Animals: from “This is My Testimony” by JinJin Xu

Experiment #1

The coming-of-age writer is sitting in her first Fiction Workshop at a Liberal Arts College. She grew up devouring the stories of this country the way only an outsider could, by looking up each phrase and testing it out on her tongue. But certain pairings still catch her off guard. “Chock full of nuts.” Reveals, in an instant, her outsideness. 

Experiment #2

The Fiction Workshop mixes up the coming-of-age writer’s characters with herself. There is an Otherness to these characters that do not exist in this language, so the characters must be True to the writer, so the writer must be, at once, all these characters.


Experiment #12
KingKong & Charles Gemora

Monster & Actor,  film set
Hollywood, 1933


The director asked his child,
“What is a name befitting 
A Monster?” 

Her screech, his laughter:
“She was reacting to your
yellow face.” 

Director’s note: 
He is the last surviving member of his species
A very lonely creature, absolutely solitary. 
It must be one of the loneliest 
existences you could ever possibly

Imagine – ACTION! 
His command pierces my thick costume
— I tear open my animal bellow,

Search my belly for what 
they know me to be:
Fucking Little Island Boy

Never learning speech, 
my gesticulations an obedient madness.
English unmoored, pure sound.

CUT! I take off
my face half-beast, half-human,
cough out hairs stuck to the roof 

of my mouth, exposing myself as PingPong
(at least, that was their name for me
on set). My Hollywood dreams

Shape their fears, loom over their Empire, 
acrobatic monkey suit clutching to their erect towers,
civilization’s scaffolding rupturing with desire.

Admit it – They desired me, desired 
to be that fallen blonde, desired to be me.

When you stand on the ground 
and you look up at it, the only thing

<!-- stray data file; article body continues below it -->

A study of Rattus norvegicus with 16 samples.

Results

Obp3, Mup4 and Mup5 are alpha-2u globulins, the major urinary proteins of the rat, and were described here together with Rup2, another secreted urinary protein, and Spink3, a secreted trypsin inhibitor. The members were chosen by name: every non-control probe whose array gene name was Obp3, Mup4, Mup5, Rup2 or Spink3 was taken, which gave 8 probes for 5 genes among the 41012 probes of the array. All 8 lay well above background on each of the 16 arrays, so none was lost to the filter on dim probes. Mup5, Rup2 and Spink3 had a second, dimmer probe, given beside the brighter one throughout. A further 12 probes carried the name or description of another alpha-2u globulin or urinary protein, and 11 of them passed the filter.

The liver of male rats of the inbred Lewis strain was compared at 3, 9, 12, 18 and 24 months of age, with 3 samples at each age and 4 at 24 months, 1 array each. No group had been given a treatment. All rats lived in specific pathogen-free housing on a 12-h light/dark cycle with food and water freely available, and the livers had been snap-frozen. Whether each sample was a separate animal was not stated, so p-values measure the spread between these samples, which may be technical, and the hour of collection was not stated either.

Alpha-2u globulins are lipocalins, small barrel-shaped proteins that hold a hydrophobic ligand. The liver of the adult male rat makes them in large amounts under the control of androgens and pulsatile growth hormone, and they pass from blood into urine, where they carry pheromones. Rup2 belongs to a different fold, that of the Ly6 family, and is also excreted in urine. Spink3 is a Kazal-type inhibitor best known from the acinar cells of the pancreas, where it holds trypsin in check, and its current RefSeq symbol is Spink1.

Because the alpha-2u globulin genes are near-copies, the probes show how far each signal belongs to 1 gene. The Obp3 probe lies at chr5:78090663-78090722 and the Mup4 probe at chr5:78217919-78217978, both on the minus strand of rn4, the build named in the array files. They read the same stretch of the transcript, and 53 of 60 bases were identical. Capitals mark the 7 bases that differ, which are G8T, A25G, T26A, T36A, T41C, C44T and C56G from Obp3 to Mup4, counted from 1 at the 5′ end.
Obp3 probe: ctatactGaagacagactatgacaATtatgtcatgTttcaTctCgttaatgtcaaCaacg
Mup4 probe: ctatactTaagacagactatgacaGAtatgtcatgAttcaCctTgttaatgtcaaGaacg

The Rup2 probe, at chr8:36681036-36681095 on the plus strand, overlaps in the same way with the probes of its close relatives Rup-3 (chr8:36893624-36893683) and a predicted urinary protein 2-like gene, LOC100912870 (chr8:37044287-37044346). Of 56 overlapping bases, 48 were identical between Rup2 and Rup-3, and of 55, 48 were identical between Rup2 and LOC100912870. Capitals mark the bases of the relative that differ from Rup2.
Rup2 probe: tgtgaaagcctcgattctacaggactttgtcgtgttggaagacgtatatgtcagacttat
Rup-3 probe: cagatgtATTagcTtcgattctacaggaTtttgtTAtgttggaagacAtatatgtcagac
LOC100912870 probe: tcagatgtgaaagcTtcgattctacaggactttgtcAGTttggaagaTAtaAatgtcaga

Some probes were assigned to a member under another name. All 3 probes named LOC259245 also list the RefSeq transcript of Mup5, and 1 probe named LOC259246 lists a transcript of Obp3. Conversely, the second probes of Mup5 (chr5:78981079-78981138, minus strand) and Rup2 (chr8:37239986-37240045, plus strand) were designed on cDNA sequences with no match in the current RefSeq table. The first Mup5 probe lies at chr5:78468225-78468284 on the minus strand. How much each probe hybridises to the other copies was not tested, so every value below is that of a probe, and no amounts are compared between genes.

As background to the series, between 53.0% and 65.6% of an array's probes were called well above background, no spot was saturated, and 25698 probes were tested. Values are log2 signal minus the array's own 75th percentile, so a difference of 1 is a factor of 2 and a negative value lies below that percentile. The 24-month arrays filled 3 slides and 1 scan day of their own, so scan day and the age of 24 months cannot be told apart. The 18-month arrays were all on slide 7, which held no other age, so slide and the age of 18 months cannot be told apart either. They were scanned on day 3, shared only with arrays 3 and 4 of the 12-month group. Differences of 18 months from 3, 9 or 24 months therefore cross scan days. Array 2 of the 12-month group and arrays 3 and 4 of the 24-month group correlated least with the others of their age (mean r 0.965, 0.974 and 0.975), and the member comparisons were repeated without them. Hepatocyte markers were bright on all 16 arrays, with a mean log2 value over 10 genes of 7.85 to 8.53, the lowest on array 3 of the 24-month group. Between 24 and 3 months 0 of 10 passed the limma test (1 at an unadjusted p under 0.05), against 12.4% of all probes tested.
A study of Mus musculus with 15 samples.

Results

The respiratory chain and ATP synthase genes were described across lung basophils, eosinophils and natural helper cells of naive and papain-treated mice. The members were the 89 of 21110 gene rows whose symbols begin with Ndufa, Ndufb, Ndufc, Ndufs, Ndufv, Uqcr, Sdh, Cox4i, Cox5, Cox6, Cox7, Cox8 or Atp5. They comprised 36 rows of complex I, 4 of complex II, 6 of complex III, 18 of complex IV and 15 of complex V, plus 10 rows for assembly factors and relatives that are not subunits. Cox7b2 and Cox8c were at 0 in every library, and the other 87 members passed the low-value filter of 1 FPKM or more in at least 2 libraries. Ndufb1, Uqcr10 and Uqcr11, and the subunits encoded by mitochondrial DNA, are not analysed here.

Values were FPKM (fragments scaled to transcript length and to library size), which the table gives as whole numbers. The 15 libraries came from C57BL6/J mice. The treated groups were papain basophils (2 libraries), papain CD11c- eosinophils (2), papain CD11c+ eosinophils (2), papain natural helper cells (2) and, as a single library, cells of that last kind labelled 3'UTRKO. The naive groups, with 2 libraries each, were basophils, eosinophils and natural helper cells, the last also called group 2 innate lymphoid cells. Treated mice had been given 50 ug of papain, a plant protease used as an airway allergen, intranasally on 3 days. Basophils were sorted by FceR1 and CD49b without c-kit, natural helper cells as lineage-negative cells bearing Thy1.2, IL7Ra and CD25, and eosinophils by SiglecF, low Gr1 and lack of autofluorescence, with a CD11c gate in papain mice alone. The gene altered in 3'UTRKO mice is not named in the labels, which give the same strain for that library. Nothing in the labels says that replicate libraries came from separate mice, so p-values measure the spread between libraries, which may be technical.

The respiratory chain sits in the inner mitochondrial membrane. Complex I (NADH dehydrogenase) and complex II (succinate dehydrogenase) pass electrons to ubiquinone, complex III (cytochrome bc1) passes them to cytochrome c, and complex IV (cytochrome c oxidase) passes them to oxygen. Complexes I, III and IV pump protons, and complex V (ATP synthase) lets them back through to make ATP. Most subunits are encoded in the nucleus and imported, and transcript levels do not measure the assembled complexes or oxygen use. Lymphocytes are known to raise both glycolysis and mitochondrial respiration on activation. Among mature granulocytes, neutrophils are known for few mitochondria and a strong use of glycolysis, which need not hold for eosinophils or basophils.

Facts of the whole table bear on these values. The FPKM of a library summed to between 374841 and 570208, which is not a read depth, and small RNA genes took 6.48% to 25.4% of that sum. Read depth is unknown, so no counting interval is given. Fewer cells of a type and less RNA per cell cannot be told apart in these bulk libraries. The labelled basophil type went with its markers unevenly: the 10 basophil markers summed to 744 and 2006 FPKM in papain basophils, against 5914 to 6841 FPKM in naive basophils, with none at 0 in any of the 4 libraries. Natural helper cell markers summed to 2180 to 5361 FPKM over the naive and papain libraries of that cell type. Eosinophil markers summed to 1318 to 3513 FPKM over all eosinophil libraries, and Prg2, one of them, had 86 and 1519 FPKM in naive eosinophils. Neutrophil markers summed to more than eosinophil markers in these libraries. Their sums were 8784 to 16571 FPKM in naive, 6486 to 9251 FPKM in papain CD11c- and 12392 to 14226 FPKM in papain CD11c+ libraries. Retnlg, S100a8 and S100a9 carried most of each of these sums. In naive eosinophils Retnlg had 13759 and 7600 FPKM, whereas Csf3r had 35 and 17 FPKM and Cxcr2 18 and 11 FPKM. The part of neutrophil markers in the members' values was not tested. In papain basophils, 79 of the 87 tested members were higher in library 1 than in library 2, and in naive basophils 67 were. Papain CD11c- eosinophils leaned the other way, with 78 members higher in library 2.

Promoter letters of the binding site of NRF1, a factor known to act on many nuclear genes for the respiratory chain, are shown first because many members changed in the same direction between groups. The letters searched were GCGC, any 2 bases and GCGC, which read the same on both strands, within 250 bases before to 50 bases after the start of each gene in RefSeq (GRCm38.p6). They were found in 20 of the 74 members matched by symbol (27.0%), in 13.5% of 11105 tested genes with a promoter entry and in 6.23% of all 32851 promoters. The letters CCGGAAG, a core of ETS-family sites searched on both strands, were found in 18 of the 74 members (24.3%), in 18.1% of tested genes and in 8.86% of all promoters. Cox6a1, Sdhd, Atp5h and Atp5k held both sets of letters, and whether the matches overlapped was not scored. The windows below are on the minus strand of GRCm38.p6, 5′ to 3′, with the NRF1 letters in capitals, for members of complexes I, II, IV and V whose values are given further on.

that can go through your mind is: 
“That’s a god!”  

Victorian terrors imagining my face
onto their Empirical violence,
secret monsters locked up in attics.

Oh, Sleeping Beasts of Asia,
awaken their nightmares
of Yellow Peril, Come!

Apes, Lesser men!
Primitives, Children, Madmen! 
Beings possessing special powers!

Let us come for them!

yel·low per·il:
1. apes

2. lesser men

3. primitives

4. children

5. madmen

6. beings possessing special powers

Experiment #13

Only in this country would the
coming-of-age writer try to speak
for a Dead Filipino Actor
Dressed in a Monkey Suit.

Experiment #14

Correction: Only here would she
speak for a Dead Filipino Actor
Dressed in a Monkey Suit as if
her life depended on it.

Experiment #15

The coming-of-age writer asks
herself, Would She Write The
Same Stories In China?

She realizes one day she no
longer speaks the language.

Experiment #16

The White Fiction Professor
stops class to check Twitter. It is
2016, the winner of the
Prestigious Book Award is a
Vietnamese-American man who
writes Vietnamese-American

“Identity Politics,” sighs the
White Male Professor.

Experiment #17

“Immigrant Fiction Is So Hot
Right Now,”
a character is told in a Short
Story written by a different
Vietnamese-American Writer.

She sells her childhood to


Experiment #24

The coming-of-age writer is in
the kitchen, dragging a knife
across the chicken breast. 

Experiment #25

She flinches.

Experiment #26

She greets her coming-of-age

Note: The above is an excerpt from “This Is My Testimony,” and reuses language from the following sources:

CHARLIE GEMORA, 58, HAD KING KONG ROLE. (1961, August 20). The New York Times. Retrieved December 3, 2020, from 

“Yellow Peril” definition is from:
Dower, John. War Without Mercy: Race and Power in the Pacific War. New York: Pantheon Books, 1986.

“a face half-beast half-human” is from:

Van Hise, James (1993). Hot Blooded Dinosaur Movies. Pioneer Books Inc.

“When you stand on the ground and you look up at it, the only thing that can go through your mind is: “

‘That’s a god!’” is from:
“’Kong: Skull Island’ Director Promises ‘the Biggest Kong That You’ve Seen on Screen’.”

About JinJin Xu

JinJin Xu is a filmmaker and poet from Shanghai. Her work has appeared in The Common, Black Warrior Review, The Immigrant Artist Biennial, and has been recognized by prizes from the Poetry Society of America, Southern Humanities Review, Tupelo Press, and a Thomas J. Watson Fellowship. She is currently an MFA candidate at NYU, where she is a Lillian Vernon Fellow and teaches hybrid workshops. Her debut chapbook, There Is Still Singing in the Afterlife, won the inaugural Own Voices Chapbook Prize.